The Justin Combs UCLA Scholarship and Football Fallacies


Justin Combs’ scholarship to play football at UCLA has received scrutiny. I detailed the hypocrisy of said outrage


, which I obviously encourage you to read.

I defended the UCLA athletic department vis a vis Jim Mora’s decision to extend the Semper Fidelis All-American (and honor student) a scholarship offer based on his athletic and academic potential. The latter is particularly noteworthy to me, given the complaints critics of college football lob against it as anti-intellectual.

As to the former, Combs had offers from Virginia and Illinois. This is hardly a Romeo Miller situation; Combs is a skilled recruit who would be a BCS conference talent no matter if his dad was a music mogul, or a hot dog vendor. And that’s a valuable lesson to bear in mind, the sport does not discriminate.

Aside from Combs hardly being the first student-athlete from a wealthy and/or famous upbringing offered a scholarship, the Los Angeles Times quotes Ricardo Vazquez saying:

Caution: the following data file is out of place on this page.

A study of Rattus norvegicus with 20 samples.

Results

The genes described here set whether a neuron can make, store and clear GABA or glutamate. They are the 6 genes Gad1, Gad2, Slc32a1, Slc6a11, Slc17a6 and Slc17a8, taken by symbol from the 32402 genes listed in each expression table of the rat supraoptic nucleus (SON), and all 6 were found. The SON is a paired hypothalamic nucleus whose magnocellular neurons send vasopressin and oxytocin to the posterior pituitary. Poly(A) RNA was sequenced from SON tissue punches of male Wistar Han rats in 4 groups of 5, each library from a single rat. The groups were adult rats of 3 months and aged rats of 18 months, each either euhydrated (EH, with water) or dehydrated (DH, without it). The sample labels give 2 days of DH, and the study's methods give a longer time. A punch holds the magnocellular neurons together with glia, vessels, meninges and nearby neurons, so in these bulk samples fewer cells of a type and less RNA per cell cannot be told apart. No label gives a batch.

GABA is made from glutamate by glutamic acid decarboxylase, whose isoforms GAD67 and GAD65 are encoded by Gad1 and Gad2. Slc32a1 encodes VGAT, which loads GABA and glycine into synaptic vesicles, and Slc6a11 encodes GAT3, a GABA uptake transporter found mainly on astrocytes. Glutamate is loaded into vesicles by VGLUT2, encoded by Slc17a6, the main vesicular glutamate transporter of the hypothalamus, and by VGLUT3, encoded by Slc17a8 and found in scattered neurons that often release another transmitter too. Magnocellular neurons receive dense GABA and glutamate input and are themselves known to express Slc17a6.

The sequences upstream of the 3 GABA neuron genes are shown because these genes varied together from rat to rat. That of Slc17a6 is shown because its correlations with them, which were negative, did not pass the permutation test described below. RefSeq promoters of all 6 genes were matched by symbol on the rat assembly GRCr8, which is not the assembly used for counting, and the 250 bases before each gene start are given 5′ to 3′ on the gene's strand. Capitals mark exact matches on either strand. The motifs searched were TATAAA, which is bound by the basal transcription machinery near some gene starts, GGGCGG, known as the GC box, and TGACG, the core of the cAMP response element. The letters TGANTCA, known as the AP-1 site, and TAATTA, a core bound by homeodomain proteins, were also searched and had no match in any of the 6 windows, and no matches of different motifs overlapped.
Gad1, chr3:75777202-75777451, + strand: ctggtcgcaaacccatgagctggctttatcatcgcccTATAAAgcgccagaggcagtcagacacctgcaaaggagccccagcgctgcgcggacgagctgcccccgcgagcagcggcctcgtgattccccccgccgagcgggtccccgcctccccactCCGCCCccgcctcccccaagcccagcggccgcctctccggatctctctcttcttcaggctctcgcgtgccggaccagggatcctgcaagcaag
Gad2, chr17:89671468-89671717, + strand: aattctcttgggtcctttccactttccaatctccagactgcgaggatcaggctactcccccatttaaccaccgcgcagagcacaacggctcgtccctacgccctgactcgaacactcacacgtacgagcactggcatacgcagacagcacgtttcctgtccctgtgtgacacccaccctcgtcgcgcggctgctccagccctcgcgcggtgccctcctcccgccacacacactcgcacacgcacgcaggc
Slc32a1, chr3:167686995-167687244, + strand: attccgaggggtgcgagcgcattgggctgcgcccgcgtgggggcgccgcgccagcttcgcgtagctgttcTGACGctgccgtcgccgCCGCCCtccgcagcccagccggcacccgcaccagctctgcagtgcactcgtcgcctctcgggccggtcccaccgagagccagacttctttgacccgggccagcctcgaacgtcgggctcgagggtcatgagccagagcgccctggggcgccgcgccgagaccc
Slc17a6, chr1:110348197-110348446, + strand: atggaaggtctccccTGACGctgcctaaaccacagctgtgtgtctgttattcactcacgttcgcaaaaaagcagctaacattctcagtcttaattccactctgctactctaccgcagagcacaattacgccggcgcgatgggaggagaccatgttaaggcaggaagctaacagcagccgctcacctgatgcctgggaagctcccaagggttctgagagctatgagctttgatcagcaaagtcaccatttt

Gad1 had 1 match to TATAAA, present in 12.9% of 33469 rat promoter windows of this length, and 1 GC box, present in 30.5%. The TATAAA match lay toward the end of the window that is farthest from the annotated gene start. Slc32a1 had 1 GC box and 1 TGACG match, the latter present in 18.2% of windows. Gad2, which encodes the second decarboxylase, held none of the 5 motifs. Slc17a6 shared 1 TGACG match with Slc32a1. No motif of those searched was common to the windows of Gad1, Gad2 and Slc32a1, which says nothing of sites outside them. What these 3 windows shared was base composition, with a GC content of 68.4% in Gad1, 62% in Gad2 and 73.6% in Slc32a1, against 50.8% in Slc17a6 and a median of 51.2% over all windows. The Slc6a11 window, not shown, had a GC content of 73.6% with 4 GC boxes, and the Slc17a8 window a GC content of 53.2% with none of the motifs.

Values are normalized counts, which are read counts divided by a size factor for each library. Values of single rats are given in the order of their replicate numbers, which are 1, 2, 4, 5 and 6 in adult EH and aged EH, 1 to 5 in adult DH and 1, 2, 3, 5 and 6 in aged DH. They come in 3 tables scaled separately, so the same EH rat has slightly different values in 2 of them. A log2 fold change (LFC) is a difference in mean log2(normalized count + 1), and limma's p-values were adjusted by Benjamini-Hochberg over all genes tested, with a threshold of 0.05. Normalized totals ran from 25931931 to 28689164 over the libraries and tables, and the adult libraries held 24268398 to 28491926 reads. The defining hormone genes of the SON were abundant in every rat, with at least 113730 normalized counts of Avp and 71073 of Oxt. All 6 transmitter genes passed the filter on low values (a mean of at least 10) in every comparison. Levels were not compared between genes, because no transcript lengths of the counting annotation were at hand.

"“[UCLA athletic scholarships are] entirely funded by Athletic Department ticket sales, corporate partnerships, media contracts and private donations…[they] do not rely on state funds.”"

In the same report, Vazquez points out that student activities increases were also not factored into athletic scholarship costs; another highly significant point that needs shouting from the rooftops.

Further, with athletic scholarships partially reliant on private donations, having the Combs family in the mix is likely a huge boon for UCLA. Much has been in the last 24 hours about Sean Combs’ lavish parties and expensive cars, but little of his philanthropic work.

Ultimately, it’s a ridiculous argument that has already had too many words devoted to it. However, that seems to be a common theme of off-season football discussion. Time to dust off an old favorite:

Blame it on boredom. Blame it on an ever-expanding news pool, between 24-hour television networks and the internet. Whatever the cause, hysteria based on misconception is the norm. The month of May made that abundantly clear, from the college football ban debate to conference realignment. Make an assertion, and it becomes fact — or, at the very least, a valid enough point that it deserves more than immediate dismissal.